Employee of the Month: Facebook Pages
When it comes to customer service, Facebook is probably your eternal employee of the month.
Earlier this week, the company unveiled its new and improved features of Pages for business purposes. With currently about 45 million active businesses on the platform, Facebook is trying to become the primary source for their digital presence and storefront. This is especially applicable to small to medium-sized firms that are struggling to connect with their target customers. Pages almost makes traditional websites redundant and is also a lot more cost-effective since it erases all setup costs of registering a domain name, web hosting, web design as well as maintenance.
With regards to the mobile landscape, 85% of the time spent on smartphones actually takes place within apps rather than on websites. It is not only a lack of financial resources that small companies face but also picky users that have only 29 apps on average on their smartphones. A small to medium-sized company is not very likely to make it in the Top 29. And this is just the beginning. Pages has already gone way beyond being just the digital storefront. It has become a tool for customer service and support, which becomes especially apparent when consumers publish their problems and complaints publicly as a post. These Facebook posts are similar to other social media metrics that are open, visible, accessible, and characterized by a high level of customer engagement; and this is a very safe recipe to easily become a PR disaster, as “social media is a leading indicator of firm equity value” (Luo et al. 2013).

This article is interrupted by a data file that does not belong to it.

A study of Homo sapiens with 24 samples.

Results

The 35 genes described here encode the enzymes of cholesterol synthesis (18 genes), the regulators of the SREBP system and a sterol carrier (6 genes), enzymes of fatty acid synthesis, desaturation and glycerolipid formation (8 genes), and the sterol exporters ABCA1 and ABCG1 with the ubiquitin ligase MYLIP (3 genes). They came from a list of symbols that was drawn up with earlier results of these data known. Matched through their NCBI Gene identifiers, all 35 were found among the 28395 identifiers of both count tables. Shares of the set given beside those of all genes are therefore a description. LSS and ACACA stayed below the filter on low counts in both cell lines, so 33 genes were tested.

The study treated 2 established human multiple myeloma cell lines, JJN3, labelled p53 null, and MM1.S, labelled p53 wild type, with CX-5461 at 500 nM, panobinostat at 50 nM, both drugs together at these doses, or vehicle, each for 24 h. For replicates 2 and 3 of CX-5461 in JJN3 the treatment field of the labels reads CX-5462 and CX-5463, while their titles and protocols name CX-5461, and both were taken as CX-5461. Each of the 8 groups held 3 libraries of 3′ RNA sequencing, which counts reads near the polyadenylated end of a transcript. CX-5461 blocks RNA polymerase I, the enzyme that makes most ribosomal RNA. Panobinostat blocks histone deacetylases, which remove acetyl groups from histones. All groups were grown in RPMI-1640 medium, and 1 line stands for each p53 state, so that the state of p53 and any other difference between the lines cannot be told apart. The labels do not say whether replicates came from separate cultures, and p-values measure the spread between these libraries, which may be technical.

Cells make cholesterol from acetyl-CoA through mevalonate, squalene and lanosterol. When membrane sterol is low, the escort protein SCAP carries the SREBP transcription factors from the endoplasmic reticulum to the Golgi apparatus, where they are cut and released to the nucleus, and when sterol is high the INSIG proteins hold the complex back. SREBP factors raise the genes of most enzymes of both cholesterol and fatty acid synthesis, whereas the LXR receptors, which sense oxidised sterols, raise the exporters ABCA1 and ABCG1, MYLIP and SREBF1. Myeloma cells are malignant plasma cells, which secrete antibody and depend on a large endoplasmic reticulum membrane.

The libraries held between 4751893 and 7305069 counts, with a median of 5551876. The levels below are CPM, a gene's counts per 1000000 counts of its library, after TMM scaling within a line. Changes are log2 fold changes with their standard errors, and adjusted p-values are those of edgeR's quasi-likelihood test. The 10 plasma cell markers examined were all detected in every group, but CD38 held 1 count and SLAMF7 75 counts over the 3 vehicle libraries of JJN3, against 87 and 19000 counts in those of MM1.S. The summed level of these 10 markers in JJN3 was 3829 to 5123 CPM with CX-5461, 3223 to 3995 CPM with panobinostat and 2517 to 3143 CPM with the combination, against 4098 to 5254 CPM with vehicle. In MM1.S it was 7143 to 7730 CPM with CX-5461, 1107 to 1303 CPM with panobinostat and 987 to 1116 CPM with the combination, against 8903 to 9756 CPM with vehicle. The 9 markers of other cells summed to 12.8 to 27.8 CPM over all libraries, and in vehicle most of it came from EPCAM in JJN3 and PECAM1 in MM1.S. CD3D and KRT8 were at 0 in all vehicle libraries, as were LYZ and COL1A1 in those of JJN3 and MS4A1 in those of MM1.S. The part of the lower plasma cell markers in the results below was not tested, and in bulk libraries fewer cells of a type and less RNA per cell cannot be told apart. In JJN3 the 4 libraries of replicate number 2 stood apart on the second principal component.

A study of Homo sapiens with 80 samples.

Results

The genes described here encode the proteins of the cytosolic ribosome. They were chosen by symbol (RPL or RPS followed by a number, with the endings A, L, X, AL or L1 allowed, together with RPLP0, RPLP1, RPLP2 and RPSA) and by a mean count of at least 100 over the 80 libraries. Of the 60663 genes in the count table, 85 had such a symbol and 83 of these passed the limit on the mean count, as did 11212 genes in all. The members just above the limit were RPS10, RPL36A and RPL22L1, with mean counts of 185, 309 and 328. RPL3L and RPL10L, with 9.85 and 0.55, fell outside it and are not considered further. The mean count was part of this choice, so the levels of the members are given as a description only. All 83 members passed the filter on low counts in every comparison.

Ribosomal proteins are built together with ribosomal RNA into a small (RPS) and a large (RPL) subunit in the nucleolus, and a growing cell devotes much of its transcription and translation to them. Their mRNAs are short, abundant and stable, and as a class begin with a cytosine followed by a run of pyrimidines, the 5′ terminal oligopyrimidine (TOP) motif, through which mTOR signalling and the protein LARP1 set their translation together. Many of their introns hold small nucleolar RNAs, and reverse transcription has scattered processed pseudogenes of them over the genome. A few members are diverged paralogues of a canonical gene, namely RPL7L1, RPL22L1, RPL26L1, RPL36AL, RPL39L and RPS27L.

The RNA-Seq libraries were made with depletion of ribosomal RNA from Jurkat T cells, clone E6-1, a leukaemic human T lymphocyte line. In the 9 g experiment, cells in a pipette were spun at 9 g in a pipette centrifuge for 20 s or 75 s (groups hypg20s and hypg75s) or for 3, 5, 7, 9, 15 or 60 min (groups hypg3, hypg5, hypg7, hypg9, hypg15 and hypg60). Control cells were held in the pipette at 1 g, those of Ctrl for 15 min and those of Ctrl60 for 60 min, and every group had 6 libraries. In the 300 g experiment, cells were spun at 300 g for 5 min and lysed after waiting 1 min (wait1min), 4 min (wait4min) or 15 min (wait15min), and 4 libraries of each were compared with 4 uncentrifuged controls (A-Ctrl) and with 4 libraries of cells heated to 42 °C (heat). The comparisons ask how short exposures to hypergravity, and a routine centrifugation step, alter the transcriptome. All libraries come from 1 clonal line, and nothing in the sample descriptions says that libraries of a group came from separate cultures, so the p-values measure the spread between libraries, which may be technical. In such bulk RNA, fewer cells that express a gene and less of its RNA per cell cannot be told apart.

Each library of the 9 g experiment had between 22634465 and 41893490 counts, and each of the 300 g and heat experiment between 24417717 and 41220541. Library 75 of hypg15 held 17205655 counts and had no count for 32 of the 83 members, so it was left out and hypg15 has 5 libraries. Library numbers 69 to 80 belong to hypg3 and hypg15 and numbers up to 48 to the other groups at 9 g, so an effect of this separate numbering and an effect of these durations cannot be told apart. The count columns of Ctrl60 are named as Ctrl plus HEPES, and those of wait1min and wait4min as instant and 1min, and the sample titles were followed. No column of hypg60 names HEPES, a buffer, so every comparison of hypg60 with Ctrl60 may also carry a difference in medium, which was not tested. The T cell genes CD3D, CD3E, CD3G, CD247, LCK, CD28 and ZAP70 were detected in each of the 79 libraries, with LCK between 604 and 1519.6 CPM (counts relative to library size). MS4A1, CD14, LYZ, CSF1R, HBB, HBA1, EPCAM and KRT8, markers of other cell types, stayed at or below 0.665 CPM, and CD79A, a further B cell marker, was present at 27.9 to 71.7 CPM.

So what do the new features entail?
- More call-to-action buttons (e.g. book an appointment or even call the company directly)
- Two new sections “Shop” and “Services” to showcase offerings more visible and accessible
- Improved layout for viewing as a mobile site
- Rewarding fast responses to customers’ requests and complaints with a badge
- Ability to send private messages to angry customers
The last two aspects are particularly interesting as this could transform the entire practice of customer support. Instead of having to set up a call center with relatively high average handling times, companies can respond to several requests at the same time and optimize by using the same template. As a further step, this could also create a completely new opportunity for third parties to offer customer services solely targeted at handling messages on Pages.
Another caveat emerges for Google as consumers might start shifting from searching for companies on Facebook rather than Google. Due to the standardized layout, visitors are very familiar with the setup of Facebook Pages and will find the information they are looking for faster and easier. With all the features, there are more means to raise social engagement and to share with your Facebook friends. Hence, it is a lot more dynamic. And more importantly, it is exactly catering to the needs for improved mobile pages.
Currently, not all of features have gone live yet so we shall see to what extents this transformation will go.
Luo, X., Jie, Z., and Duan, W. (2013). “Social Media and Firm Equity Value”. Information Systems Research 24(1). pp. 146-163.